Howie Evans | 10/31/2013, 3:25 p.m.
In 1978, the great Grete Waitz won the first of her nine New York City Marathons as she became a ...
Geoffrey Mutai (Kenya), the world marathon record holder (2:03.02, Boston), is the New York City Marathon defending champ (2011). The 2012 race was cancelled because of Hurricane Sandy. Photo by Bill Moore



In 1971, the first year of the running of the New York City Marathon, some 127 runners got the gun. A few hours later, 55 marathoners crossed the finish line as the late Fred Lebow flashed his famous ear-to-ear grin. Five years later, 1976, the New York City Marathon went citywide, touching down in every borough in the greatest city in the world.

In 1978, the great Grete Waitz won the first of her nine New York City Marathons as she became a household name around the world, winning three consecutive marathons from 1978 to 1980, breaking the tape again every year from 1982 to 1986 and again in 1988. She had the greatest run of a sports athlete in history.

As Waitz continued to dominate her sport, so too did the New York City Marathon, setting and breaking records until 2012, when the event was cancelled as Hurricane Sandy ripped apart communities and properties across the east, in the five boroughs of this city and beyond.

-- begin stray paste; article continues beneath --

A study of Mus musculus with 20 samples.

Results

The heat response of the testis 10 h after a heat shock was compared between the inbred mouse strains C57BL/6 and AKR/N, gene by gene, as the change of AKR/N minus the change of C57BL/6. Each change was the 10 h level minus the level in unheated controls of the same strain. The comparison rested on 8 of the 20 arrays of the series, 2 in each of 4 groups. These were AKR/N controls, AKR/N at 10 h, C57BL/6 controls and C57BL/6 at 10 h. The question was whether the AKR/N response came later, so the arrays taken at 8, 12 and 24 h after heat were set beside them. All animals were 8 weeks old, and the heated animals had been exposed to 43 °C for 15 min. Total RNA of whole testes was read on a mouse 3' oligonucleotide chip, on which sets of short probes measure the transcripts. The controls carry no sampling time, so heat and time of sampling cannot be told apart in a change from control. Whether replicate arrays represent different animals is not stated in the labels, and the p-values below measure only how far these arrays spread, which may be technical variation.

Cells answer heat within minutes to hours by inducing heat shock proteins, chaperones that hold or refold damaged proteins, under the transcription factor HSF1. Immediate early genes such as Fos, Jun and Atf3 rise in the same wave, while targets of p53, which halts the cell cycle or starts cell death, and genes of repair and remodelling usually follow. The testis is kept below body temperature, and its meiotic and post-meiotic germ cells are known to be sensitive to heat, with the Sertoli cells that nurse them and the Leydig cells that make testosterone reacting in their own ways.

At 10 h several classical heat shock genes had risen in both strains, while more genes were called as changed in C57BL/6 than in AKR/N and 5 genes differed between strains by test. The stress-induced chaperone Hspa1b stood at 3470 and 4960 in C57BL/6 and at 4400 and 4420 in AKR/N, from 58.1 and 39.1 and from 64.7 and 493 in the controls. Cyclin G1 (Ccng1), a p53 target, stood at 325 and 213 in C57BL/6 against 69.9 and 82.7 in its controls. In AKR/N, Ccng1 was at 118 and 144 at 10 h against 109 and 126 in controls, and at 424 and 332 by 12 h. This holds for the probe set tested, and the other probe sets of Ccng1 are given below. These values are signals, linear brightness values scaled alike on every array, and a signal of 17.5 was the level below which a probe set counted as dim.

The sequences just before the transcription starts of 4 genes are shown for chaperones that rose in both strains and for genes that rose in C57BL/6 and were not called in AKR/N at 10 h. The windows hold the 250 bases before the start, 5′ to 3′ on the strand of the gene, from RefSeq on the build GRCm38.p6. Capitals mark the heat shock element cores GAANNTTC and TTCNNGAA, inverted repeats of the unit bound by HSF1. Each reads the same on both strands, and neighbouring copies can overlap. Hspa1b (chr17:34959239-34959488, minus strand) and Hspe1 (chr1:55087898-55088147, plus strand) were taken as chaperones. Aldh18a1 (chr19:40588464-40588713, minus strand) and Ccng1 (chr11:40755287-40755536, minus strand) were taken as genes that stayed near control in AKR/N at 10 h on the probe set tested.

The 2012 New York City Marathon was reluctantly cancelled by the New York Road Runners, which chipped in to lend assistance to the communitites and neighborhoods that were battered by the storm.

So now, on Sunday, Nov. 3, the New York City Marathon will again touch every borough in the city. Marathoners from around the world will run through communities in Harlem, the Bronx, Brooklyn, Queens and Staten Island. Along the way, they will be greeted by cheering crowds. Some will stop for the cause. Many will slow down and thank the sidewalk crowds for a cup of water, a quick sandwich.

There are now marathons organized and contested in major cities within the U.S. and many countries around the world, including England, Canada, Spain, Belgium, New Zealand, Japan, Denmark, Switzerland, Sweden, Ireland, Argentina, Chile, Australia, Germany and Kenya. But there is none like the New York City Marathon. Some 100,000 will run through New York City on Sunday. In 2011, some 47,000 crossed the finish line, a record that more than likely will only be broken by the New York Road Runners’ New York City Marathon this Sunday.